Welcome to the new era of US politics, where extremism reigns

Ronald Reagan's fusionist ideology has been replaced with Trump's populism
Ronald Reagan's fusionist ideology has been replaced with Trump's populism - Getty

In the hothouse world of Washington, DC think tanks and lobby groups are like Broadway musicals. Some are long running, others only exist for a short time, but there are always new ones appearing while others go out of business. The news that any one think tank is closing its doors is rarely newsworthy. Exceptions occur when a long-running ‘show’ closes its doors, the shuttering telling us something about a deeper shift in politics.

Something of that sort happened a few weeks ago, with the news that the libertarian organisation Freedom Works was closing down. Since its foundation in 1984, Freedom Works has been a major institution in the network of conservative-libertarian policy groups that dot the American landscape.

It was a vehicle for what was called the “fusionist coalition”, the combination of economic liberalism (low taxes, deregulation), constitutional traditionalism, and social conservatism that dominated Republican politics from the middle 1970s onwards and drove the victories of Ronald Reagan and both the older and younger Bush. During the Obama administration it became strongly associated with the emergence of the grassroots Tea Party coalition, supplying it with intellectual and economic analysis. Now all that has gone, and Freedom Works is no more.

This is not simply a matter of incompetent leadership or internal disputes that can derail formerly-flourishing organisations. Rather, it is the working out in a single institution of a profound shift in the nature of Right-wing politics in the United States.

As a Politico report makes clear, the closure follows more than a year of declining revenue and staffing woes. Both of these had the same source – the transformation of the Republican Party through the impact of Donald Trump – or rather the wider social and political transformation that he represents. Freedom Works’ donor base fragmented, with some feeling it was not sufficiently in line with the MAGA agenda while others felt it was pandering to it too much. By trying to appease both sides the organisation ended up alienating both kinds of donor.

The same pattern was replicated in internal staff relationships, with an influx of younger populist employees looking to align the organisation more explicitly with Trump while others voiced increasingly strong objections. The big divide according to the Freedom Works’ president, Adam Brandon, was between the largely libertarian leadership and the Trumpian membership. Trying to accommodate both tendencies brought serious pushback from staff.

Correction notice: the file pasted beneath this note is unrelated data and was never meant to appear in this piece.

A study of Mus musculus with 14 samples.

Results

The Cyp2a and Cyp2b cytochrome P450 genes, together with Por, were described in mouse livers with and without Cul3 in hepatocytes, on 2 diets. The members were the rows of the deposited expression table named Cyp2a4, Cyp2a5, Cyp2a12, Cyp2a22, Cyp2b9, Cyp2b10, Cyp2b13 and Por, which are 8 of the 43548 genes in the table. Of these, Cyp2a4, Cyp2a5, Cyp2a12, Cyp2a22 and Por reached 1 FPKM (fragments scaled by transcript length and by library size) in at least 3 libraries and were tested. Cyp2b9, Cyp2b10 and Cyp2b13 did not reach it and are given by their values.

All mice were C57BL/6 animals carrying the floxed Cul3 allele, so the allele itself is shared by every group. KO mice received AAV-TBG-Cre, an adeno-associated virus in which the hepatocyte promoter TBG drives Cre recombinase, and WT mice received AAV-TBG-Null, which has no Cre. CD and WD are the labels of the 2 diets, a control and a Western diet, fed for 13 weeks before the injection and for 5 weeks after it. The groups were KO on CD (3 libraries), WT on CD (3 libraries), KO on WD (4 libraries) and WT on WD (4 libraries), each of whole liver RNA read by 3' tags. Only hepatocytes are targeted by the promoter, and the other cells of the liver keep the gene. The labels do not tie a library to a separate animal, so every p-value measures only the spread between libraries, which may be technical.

Freedom Works was looking to rebrand itself and reach out to moderate suburban voters – essentially the 16-20 per cent of voters who combine fiscal conservatism with social liberalism and who reject the doctrine of MAGA. This however did not work, as the target audience rejected Freedom Works as too Right-wing, tainted by any even tenuous association with the new Republican party.

This is the working out in microcosm of a more general transformation of American politics. The Reagan coalition is dead. The two halves that made up fusionism now increasingly find themselves on opposite sides, moving from being friends and allies to increasingly bitter opponents and enemies. A more fundamental paradigm shift has occurred, sublimating the conflict between big versus small government to questions of identity, culture and America’s place in the world.

These new divides cut right across the old Reagan coalition. Suburban voters who are receptive to calls for fiscal prudence, deregulation, and lower taxes will not accept a party that promotes economic nationalism and foreign policy unilateralism, much less strong cultural conservatism.

The appeal of tax cuts no longer overrides their distaste for these other agenda items, which they now see as primary divides. On the other side, those who see Trump as their spokesman are increasingly hostile to much of big business, to free trade and particularly freer immigration. These factions cannot be reconciled: they are diametrically opposed.

So, the old fusionist coalition of Ronald Reagan is done for. A similar process is happening on the other side of the aisle among Democrats, with increasingly bitter divisions between mainstream liberals and progressives now impossible to ignore. American politics is near the end of a major reshuffling, with new enmities and friendships springing up and producing surprising bedfellows and major fallouts. The next few years will be interesting.